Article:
Beacon for Hope held their Art Inspired by Hope event on Saturday where they showcased the artwork submitted, held a silent auction for the top three entries and had murals for people to color.  The event was originally scheduled for Friday but was pushed to Saturday due to the Hornet Connection happening Friday. 

“For our first time it was a decent turn out,” said Melissa Kurtenbach, executive director of Beacon for Hope. “What we really wanted to happen was the different types of pieces, people’s different interpretations of hope, different people would be able to connect to different pieces, they could relate to what was coming through in the art and people did so that was exciting.”

Art Inspired by Hope was conceived during a meeting where they (Beacon for Hope) were brainstorming how they could reach groups of individuals in our community who utilize art as a form of expression, coping mechanism, or profession. 

“The goal of the event was to connect our community through pieces of art that they could relate to,” Kurtenbach said. “Being able to identify with the pieces created reassures individuals they are not alone in their fight with their own personal struggles.”

Twenty-six artists entered the event and the top three pieces were auctioned off as part of the silent auction. The art ranged from drawings and paintings to glass blowing, a crocheted blanket and some wood-nail art.

“We had five professors and then two third or fourth year art students to do judging for that,” said Beth Wright, president of Hornets for Hope, board member for Beacon of Hope and freshman art education and art therapy major. “We made up a sheet and they were judged on technique, composition, design, concepts that were involved, overall effectiveness and craftsmanship.”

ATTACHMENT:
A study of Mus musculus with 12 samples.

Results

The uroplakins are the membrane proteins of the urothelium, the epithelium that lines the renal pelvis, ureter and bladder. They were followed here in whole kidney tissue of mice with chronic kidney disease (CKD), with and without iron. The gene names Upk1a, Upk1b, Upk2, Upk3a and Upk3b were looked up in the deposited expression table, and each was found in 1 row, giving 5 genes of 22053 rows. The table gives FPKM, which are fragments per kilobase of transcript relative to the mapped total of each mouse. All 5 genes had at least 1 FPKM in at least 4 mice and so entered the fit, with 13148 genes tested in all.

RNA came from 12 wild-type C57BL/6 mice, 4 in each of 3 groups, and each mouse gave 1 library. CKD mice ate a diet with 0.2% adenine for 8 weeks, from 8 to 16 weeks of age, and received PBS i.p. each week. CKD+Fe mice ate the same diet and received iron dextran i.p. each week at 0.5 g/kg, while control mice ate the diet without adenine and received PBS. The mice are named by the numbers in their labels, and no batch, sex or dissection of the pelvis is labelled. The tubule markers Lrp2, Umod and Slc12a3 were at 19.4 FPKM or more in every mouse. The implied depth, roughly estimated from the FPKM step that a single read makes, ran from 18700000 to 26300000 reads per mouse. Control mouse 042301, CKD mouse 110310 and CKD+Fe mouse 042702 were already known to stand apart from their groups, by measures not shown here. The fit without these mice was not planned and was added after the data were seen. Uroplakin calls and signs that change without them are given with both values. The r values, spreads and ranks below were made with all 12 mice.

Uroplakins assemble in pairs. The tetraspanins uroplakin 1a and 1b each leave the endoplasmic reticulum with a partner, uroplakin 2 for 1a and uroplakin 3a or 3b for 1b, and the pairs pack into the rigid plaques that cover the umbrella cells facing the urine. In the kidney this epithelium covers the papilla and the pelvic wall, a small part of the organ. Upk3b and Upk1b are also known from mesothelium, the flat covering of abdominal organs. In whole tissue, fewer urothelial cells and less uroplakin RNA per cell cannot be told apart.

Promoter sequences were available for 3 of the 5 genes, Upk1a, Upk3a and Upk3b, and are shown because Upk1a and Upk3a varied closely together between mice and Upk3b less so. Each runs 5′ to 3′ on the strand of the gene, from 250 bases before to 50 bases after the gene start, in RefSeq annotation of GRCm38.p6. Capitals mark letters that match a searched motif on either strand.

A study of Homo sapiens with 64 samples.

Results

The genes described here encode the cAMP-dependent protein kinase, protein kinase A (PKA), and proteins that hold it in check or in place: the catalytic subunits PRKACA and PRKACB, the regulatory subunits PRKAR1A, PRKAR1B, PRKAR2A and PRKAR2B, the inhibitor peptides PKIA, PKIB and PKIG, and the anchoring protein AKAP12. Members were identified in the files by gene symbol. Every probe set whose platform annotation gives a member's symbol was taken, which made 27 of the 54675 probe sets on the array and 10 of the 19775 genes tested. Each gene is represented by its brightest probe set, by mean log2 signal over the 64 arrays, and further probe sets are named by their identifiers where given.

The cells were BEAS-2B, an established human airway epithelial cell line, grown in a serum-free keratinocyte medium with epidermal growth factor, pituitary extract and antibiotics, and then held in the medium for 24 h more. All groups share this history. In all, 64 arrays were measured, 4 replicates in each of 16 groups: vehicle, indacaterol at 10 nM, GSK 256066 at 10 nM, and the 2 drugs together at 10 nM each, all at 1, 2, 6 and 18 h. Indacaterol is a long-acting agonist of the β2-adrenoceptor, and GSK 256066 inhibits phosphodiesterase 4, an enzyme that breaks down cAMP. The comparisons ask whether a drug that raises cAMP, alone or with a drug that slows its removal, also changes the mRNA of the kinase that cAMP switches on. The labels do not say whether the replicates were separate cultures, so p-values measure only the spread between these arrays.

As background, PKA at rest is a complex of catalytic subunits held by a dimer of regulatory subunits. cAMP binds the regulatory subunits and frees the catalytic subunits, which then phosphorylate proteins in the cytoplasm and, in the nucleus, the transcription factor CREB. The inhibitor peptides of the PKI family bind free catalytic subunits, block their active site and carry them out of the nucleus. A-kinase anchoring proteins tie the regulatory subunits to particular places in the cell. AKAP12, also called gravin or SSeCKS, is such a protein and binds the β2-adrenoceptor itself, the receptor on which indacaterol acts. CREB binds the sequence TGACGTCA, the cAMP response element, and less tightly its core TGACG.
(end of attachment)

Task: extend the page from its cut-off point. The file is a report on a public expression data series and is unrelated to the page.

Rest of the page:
The event raised over $500. Forty percent of what was auctioned went back to the artists while the rest of the money that was raised will go to training. 

“We (Beacon for Hope) pride ourselves on the fact that 100% of all donations stay local,” Kurtenbach said. “Our top priority is to provide funding for community members to attend formal mental health or suicide prevention training. Funds raised from the art event as well as the walk will pay for a formal suicide prevention training that is being held on April 27 at Emporia State University at 1 p.m.”

  The training is called ‘Question. Persuade. Refer,’ and is being offered free of charge for up to 25 Emporia State students, faculty and staff.  Due to limited spaces available, those interested should RSVP at melissa@hopelinks.org

The top three pieces along with a few sketches will be featured at the next First Friday event hosted by Ellen Plumb’s bookstore.